Algeria's main Islamist parties have agreed to run as an alliance in May's parliamentary elections, boosting their chances of taking the largest number of seats, a party leader announced Sunday.
The alliance of three of the country's fractious Islamist parties increases the likelihood of Algeria following in the steps of three other North African countries where Islamists have recently triumphed at the ballot box.
Abou Djara Soltani of the Movement of Society for Peace, Algeria's largest Islamist party, also invited other like-minded parties to join the alliance "to give the best possible chance for the Arab Spring to happen in Algeria as well."
There are a total of seven Islamist parties _ four recently approved by the government.
Elections held in the aftermath of the pro-democracy uprisings that have swept the Middle East in the past year have resulted in Islamist-dominated parliaments in Morocco, Tunisia and especially Egypt.
Soltani's party and the al-Nahda and al-Islah parties, which together hold 72 seats in the 289-member parliament, will discuss presenting a single list of candidates and coordinating the placement of observers in polling stations.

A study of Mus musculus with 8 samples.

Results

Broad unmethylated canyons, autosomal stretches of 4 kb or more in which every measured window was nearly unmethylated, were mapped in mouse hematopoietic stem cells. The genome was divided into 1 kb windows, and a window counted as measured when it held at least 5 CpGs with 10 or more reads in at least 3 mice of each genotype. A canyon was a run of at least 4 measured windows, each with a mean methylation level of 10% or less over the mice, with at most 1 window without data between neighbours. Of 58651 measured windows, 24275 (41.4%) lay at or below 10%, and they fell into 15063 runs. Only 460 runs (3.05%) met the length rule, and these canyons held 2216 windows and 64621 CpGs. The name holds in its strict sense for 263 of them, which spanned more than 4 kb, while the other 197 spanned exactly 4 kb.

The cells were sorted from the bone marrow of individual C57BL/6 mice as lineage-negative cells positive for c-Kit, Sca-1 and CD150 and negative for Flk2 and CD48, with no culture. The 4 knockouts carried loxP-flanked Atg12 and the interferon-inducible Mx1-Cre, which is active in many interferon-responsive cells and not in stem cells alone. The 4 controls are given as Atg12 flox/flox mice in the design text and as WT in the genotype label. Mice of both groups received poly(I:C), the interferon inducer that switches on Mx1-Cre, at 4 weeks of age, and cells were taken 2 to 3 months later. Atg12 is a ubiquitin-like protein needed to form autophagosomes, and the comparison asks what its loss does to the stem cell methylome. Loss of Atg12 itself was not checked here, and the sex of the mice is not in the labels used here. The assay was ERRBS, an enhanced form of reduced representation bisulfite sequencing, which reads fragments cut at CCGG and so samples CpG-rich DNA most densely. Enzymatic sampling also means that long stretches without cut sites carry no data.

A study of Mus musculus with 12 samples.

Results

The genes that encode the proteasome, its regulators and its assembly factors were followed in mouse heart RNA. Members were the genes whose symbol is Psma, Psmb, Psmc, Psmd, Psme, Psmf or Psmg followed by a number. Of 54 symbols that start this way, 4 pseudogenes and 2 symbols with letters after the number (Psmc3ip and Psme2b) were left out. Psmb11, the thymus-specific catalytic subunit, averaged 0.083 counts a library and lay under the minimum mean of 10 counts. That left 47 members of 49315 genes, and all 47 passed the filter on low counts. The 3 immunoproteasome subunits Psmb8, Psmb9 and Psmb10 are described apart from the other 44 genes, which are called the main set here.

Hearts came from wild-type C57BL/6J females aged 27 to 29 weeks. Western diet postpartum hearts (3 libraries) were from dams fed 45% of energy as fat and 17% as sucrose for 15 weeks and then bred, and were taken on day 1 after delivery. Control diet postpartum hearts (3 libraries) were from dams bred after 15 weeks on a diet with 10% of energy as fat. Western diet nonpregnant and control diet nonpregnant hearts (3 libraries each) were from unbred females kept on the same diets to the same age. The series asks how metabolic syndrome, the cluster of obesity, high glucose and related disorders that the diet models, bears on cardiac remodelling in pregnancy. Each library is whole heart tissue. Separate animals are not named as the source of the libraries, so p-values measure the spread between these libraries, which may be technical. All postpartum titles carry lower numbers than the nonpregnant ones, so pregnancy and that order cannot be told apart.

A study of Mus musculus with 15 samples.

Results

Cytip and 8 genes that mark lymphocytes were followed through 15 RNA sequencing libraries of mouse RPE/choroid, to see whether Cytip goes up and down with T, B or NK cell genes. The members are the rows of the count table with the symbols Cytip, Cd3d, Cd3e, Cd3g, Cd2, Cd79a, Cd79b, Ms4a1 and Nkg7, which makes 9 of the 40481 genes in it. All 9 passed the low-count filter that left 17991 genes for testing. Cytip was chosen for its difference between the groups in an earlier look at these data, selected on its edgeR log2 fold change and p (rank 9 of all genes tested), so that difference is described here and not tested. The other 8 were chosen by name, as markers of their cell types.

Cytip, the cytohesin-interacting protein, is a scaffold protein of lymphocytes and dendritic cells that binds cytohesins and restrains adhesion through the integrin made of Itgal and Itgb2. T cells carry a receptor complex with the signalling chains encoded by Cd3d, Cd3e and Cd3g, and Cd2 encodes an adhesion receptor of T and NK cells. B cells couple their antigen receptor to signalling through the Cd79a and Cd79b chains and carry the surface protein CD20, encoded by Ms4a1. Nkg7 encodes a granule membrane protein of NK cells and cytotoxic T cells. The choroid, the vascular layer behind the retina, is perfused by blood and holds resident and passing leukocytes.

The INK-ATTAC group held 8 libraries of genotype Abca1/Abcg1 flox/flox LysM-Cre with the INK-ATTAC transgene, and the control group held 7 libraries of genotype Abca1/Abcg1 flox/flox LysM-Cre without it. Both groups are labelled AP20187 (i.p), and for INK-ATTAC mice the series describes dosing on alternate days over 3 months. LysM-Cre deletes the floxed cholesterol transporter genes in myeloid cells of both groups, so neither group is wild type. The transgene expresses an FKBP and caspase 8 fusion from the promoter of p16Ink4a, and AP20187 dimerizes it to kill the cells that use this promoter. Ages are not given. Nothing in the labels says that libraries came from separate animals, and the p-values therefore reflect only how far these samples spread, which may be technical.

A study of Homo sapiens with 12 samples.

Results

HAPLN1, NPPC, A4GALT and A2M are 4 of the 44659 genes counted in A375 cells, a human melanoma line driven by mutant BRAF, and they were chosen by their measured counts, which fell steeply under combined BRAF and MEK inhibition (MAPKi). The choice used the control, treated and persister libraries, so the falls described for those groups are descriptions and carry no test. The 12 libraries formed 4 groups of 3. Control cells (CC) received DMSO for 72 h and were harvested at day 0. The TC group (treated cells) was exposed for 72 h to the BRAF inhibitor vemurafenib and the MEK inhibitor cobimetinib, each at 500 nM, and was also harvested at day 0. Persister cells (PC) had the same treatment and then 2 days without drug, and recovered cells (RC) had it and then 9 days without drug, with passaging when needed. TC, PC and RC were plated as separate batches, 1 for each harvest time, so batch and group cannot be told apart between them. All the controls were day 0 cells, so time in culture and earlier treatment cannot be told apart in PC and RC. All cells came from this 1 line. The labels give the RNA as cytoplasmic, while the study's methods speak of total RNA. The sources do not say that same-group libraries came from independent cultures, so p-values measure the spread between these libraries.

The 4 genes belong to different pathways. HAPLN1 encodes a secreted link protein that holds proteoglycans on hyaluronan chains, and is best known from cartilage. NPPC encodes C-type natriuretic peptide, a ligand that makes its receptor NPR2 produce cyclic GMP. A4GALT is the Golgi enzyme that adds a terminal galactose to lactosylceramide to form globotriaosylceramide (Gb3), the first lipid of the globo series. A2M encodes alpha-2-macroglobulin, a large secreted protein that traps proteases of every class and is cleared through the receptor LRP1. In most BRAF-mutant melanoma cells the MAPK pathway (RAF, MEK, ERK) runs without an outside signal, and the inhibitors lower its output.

Most of the rest of the seats are held by two secular, government-affiliated parties.
Algeria's secular authorities have dismissed the chances of an Islamist triumph, saying the public is suspicious of religious parties.
The last time an Islamist party was poised to win parliamentary elections here was in 1992, prompting a military coup that sparked off a civil war between security forces and Islamist militants. Some 200,000 people died.
To this day, security forces continue to battle remnants of these insurgents, who declared allegiance to al-Qaida in 2006.
The government, which is backed by the same generals who carried out the coup, has put the blame for the "national tragedy" squarely on the Islamic Salvation Front party, which remains banned to this day.
President Abdelaziz Bouteflika and other top officials have said what they fear more than an Islamist victory is apathy at the May 10 polls. Turnout in the 2007 elections was only 36 percent.
Unlike its North African neighbors Tunisia, Egypt and Libya, the demonstrations in Algeria did not culminate into a widespread anti-government movement.
There is, however, widespread discontent in this oil and gas rich nation of 35 million, with constant small protests across the country over the lack of housing, utilities and police brutality.